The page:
I attended the San Francisco's Writers Conference for the first time this year. It was incredible. I learned a lot about things like plot, setting, social media, and the art of pitching my novel idea to an agent. Along the way I also met some interesting people.
Kemble Scott shared with me his insight on pen names and encouraged me to avoid an alter ego. With that encouragement, I burst out of the shadows and onto the writing scene as yours truly. I learned about the importance of social media and “purchasing my name” from Rusty Shelton. His teachings were excellent, to the point, and fairly easy to get on board with. –After I read a how-to website on the intricacies of Twitter.
And then I met Trina Robbins. She is equal parts grace and spitfire. Her passion for research is inspiring. She makes it sound so simple and fun. But honestly, research freaks me out. You mean I have to pick up the phone and ask someone to tell me all about brain surgery? Or fossils? Or how a crime scene is processed? What if they ask me why I want to know? Do I dare tell the person on the other end of the line that I’m writing a book?
I imagine the outcome following that utterance will be the expert dissolving into a fits of laughter at the very idea that I, of all people, can even begin to write the next great American novel. Can you hear it too? “What are you Ayn Rand?” Click as the phone call is ended.
Thanks but no thanks. I’d rather not write.
I can’t believe I just wrote that down. Because it’s not true. Really it’s not. And now you probably think I’m a chicken and a liar. But I’m not! I swear! In the words of my daughter, I pinky promise.
I’m a brave person actually. Spend a day with me and you’d see that. I’m not mountain climbing, lion taming brave by any stretch of the imagination. But I engage in small acts of bravery daily. And I’m not a liar. Really I’m not. I’m just…prone to hearing voices.
You know. The kind that are entangled in one’s past that ensnare innocent hopefuls (like me) into believing all the negative things ever said about her are true. That “not knowing” something doesn't mean I’m still learning but that I’m stupid. Can you relate?
When the truth –the real truth – is that we are learning every day. All of us are.
I’m intent on honing the craft of writing. On improving my skill and writing/selling the next great novel. First though, I have to banish this inner critic who is intent on belittling me and chipping away at my courage and hope and belief in myself with a hammer that is tiny yet sharp with hateful words. If I don’t banish this character once and for all, then I’ll do it regularly and harshly so that his voice doesn't impede my learning, my researching or my writing.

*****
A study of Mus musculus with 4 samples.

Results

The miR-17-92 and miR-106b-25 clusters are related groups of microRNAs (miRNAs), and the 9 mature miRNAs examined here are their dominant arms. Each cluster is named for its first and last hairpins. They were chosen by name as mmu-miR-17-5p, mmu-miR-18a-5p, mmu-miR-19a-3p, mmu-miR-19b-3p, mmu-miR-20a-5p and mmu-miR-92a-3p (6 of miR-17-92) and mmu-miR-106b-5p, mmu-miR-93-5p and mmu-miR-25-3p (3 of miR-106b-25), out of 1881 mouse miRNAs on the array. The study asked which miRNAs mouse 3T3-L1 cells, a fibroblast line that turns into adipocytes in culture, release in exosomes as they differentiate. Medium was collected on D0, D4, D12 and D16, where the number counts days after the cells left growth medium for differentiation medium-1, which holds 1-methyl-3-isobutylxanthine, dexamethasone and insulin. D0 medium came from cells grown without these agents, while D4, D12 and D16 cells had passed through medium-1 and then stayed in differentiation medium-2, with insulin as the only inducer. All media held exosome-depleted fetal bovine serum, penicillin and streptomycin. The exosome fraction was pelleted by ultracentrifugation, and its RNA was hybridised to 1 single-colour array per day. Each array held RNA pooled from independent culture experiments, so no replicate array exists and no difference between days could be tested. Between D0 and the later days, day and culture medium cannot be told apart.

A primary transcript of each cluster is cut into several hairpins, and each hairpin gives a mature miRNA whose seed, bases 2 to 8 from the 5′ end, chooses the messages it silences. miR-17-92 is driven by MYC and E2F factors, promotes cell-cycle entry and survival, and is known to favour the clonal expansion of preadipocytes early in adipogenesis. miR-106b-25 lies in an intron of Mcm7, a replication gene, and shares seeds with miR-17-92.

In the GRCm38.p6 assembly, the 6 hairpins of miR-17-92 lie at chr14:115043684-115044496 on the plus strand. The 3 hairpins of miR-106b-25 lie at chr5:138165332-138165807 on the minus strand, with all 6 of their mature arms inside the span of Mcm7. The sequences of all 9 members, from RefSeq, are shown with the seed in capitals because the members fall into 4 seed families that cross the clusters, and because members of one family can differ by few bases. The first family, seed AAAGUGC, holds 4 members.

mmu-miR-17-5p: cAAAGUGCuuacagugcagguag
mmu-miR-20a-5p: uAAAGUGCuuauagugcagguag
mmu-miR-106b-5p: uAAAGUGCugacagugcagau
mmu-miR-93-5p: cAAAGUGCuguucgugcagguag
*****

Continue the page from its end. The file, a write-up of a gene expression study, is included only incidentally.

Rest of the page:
I think I will choose a small topic to start with and work on accomplishing a small act of research. I will shore up some inner grace and spitfire, the likes of Trina Robbins, and forge ahead as I learn about something. Any suggestions?
By the way, my first interaction with Trina was great. Seated around an elegantly set lunch table in a beautiful hotel on Valentine’s Day 2014. Each person’s table setting was lovely and directly in front of the soup bowls sat a small and prettily decorated chocolate cupcake. Several of us were still chatting and hadn't begun eating yet while Trina picked up her cupcake and ate it. As the meal continued, soup bowls were removed and replaced with the main entree. Shortly after, coffee was poured and still there were several chocolate cupcakes sitting on the table in front of those of us who were fortunate to be seated by Ms. Robbins.
At one point, just before the keynote speaker for the day was introduced, Trina casually mentioned “None of you ladies are eating your cupcakes”. A few replied they were saving theirs for later. I said nothing as I was debating whether or not I wanted to eat mine at all. I love chocolate but am not a fan of frosting and was mentally wondering how it would look in such a setting if I were to scrape the offensive frosting off of the pretty dessert.
Trina then asked a question: Is anyone not going to eat their cupcake? –It was a fine example of research and one I don’t think I’ll forget. A woman to her left said that she was not going to eat hers. To which Trina replied, “I’ll eat it if you don’t want it then”. The woman handed the treat over. –And the research paid off in spades.
After observing this and then chatting with Trina about the art of research, she encouraged me to not be afraid of mining the world for the information that will help my writing stand out and to attend the breakout workshop she was teaching the next day on the subject. I knew I had to go (and I did!) –how could I not? Research is a serious weakness of mine and it would surely pay off to learn from this expert who shares with me a love of writing and chocolate.